Through participation on an intramural volleyball team, young Catholics at Newman House are strengthening their teamwork in the church and on the court.
As a Catholic church community, Newman House dedicates itself to nurturing spiritual connections between students. But with the addition of team sports to church activities, many members are finding a connection between a healthy body and a healthy soul.
Sister Rose Casaleno has been the director of campus ministry for the Newman House for seven years. Since the church started hosting intramurals team in 2018, she has seen the students’ enthusiasm returning year after year. “They can rejuvenate and let out some endorphins,” she said. “For kids who like physical activity, it lets them function in a different lane.”
Since the team formed, Casaleno has seen a difference in the way the players connect with each other. It’s carried over from volleyball to church activities. “They formed a bond; they do things together more. It helps them build a deeper friendship, because they have a common goal in mind,” she said.
Caroline Hargrove, a sophomore studying mechanical engineering, shared a similar feeling. As a member of the team, she’s seen how volleyball has brought a different form of teamwork to her community.
“It was nice to connect with everyone in a different way, outside of Newman House. We get to encourage each other on the volleyball team, and it builds more trust and moral support between friends,” she said.
Another team member, Domenic Ferrante, had such a positive experience last year that he signed up for another season. A sophomore studying computer engineering, he found that evening games worked perfectly with his class schedule.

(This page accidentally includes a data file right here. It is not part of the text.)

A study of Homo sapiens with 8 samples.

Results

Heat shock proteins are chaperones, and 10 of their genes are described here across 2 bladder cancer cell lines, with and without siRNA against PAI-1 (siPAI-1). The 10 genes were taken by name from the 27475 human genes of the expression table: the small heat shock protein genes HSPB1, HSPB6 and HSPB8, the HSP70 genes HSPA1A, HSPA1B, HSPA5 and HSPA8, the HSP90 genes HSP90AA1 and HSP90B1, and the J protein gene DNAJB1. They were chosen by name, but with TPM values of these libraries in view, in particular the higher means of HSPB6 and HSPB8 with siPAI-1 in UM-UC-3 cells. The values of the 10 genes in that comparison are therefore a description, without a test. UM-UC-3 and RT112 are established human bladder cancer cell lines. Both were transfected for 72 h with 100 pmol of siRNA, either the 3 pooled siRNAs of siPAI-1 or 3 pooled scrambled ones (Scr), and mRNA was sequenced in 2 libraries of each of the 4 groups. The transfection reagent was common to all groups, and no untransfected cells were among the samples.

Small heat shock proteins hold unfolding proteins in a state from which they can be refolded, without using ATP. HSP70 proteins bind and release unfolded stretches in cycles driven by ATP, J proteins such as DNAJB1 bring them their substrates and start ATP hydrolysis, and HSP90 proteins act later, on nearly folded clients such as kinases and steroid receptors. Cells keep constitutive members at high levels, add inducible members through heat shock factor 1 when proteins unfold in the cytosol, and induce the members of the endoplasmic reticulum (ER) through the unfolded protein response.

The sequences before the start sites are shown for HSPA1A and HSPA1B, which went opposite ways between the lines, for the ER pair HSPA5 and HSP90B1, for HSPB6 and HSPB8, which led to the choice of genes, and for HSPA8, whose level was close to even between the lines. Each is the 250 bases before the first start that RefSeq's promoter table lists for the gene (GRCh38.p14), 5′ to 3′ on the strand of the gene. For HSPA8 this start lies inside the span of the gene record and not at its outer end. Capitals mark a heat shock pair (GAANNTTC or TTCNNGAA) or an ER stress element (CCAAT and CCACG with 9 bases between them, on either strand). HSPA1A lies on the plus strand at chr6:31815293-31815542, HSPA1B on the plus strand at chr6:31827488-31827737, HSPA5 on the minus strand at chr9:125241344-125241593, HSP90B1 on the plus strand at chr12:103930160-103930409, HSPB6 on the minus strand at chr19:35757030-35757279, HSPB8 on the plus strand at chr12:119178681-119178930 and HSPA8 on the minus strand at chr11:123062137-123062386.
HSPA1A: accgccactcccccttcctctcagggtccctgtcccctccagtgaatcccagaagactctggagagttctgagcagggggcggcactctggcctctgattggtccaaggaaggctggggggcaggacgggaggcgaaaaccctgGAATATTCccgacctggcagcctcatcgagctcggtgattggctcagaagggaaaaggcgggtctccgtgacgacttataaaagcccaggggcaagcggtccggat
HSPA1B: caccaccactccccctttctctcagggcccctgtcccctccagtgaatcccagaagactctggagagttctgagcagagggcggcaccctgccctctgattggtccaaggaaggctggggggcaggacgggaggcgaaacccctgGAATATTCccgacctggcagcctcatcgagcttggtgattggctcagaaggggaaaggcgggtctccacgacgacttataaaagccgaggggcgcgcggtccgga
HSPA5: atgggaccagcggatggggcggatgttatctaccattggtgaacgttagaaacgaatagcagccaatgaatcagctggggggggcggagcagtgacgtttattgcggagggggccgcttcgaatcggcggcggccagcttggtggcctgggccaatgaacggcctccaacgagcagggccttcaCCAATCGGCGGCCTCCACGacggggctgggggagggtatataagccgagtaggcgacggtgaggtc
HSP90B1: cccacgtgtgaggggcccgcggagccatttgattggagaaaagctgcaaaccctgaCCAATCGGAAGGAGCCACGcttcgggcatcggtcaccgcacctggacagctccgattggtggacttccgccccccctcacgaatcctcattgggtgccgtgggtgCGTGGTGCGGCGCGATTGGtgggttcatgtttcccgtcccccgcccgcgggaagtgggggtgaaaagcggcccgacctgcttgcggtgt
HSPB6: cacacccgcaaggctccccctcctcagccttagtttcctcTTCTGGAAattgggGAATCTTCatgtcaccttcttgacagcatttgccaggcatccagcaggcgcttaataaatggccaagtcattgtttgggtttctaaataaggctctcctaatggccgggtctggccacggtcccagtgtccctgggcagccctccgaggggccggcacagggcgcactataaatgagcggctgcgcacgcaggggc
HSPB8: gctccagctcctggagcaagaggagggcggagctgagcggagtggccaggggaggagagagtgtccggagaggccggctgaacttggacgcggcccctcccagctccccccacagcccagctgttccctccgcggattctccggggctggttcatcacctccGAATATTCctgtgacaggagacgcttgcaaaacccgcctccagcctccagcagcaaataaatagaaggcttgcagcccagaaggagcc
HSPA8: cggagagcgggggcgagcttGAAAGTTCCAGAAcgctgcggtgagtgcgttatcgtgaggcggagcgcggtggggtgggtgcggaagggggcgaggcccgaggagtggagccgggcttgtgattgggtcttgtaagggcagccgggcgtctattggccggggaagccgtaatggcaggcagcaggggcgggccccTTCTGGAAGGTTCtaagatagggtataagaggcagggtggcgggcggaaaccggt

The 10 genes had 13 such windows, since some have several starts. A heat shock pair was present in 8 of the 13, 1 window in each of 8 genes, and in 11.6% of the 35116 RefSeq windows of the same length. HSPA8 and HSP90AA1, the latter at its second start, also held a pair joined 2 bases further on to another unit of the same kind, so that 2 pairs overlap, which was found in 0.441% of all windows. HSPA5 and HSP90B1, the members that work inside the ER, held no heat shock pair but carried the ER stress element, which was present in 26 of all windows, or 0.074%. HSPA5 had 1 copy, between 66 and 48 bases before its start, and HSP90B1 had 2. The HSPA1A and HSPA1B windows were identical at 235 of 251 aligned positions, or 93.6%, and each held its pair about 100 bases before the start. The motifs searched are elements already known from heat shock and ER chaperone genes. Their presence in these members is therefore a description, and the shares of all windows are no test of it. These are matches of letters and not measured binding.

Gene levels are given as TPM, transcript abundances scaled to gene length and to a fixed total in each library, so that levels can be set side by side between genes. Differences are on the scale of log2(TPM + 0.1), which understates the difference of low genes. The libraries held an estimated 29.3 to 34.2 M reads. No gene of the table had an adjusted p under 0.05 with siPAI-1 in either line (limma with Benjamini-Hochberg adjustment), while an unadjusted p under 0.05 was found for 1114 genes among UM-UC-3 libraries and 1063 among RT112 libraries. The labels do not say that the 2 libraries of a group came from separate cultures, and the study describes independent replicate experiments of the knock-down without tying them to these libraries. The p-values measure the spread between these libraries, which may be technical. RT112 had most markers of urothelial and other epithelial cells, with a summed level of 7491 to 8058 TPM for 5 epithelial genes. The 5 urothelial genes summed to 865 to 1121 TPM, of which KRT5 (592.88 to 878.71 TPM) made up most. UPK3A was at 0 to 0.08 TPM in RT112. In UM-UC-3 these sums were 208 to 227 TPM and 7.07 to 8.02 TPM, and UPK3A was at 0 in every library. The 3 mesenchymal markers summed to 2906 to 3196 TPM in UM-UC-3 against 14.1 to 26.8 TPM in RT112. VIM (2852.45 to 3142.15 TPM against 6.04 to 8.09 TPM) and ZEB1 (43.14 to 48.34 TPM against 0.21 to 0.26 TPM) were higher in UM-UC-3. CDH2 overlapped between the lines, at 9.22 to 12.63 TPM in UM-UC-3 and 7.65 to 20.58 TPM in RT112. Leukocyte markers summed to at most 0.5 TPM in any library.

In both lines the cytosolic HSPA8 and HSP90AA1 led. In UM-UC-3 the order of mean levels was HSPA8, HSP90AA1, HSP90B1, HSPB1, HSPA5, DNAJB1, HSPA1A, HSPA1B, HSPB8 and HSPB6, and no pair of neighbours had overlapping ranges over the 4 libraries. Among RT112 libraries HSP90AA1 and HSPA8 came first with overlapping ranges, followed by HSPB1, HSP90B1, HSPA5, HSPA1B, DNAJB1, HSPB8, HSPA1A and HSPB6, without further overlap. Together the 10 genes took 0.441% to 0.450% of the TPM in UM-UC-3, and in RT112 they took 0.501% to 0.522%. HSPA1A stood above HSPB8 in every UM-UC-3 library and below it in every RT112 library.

“The late-night games gave me something to look forward to while I worked during the day,” he said. “It’s a lot of fun.”
Both Hargrove and Ferrante agree that the volleyball team is a form of relaxation, and allows them to unwind from the stresses of their academic lives.
Though the team is more focused on enjoyment than competitive success, this year’s team has already seen remarkable improvements in performance. Graciela Andrada, a junior studying biological sciences, saw a change in the team’s cohesion over the course of one day.
“We played two sets on Sunday, and at first we had a bit of trouble communicating. But then we decided if we wanted to get the ball, we would call it. Our first set was a bit of a mess, but our second set we were calmer,” she said.
Andrada is looking forward to the rest of the season, and hopes that any students intimidated by the church will get to know the members through intramurals.
Newman House already offers a robust spiritual and social community for young Catholics. But through intramural volleyball, church members are developing another dimension of their relationships, based in physical cooperation. They’ve learned to read each other’s body language, communicate, and work toward a shared physical goal — but beyond that, they’re having fun with friends. Though volleyball is a simple game, the strength of a team’s communication is deep and complex, and those skills will serve these students in all other areas of their lives.
“You can’t have mental health without being physically well. Exercise makes us happier people,” Hargrove said. “We go into it knowing we’re trying to build a team while having a great time.”
Intramural Sports is a program area under Campus Recreation. Learn more about Campus Recreation’s programs and services by visiting the website play.binghamton.edu.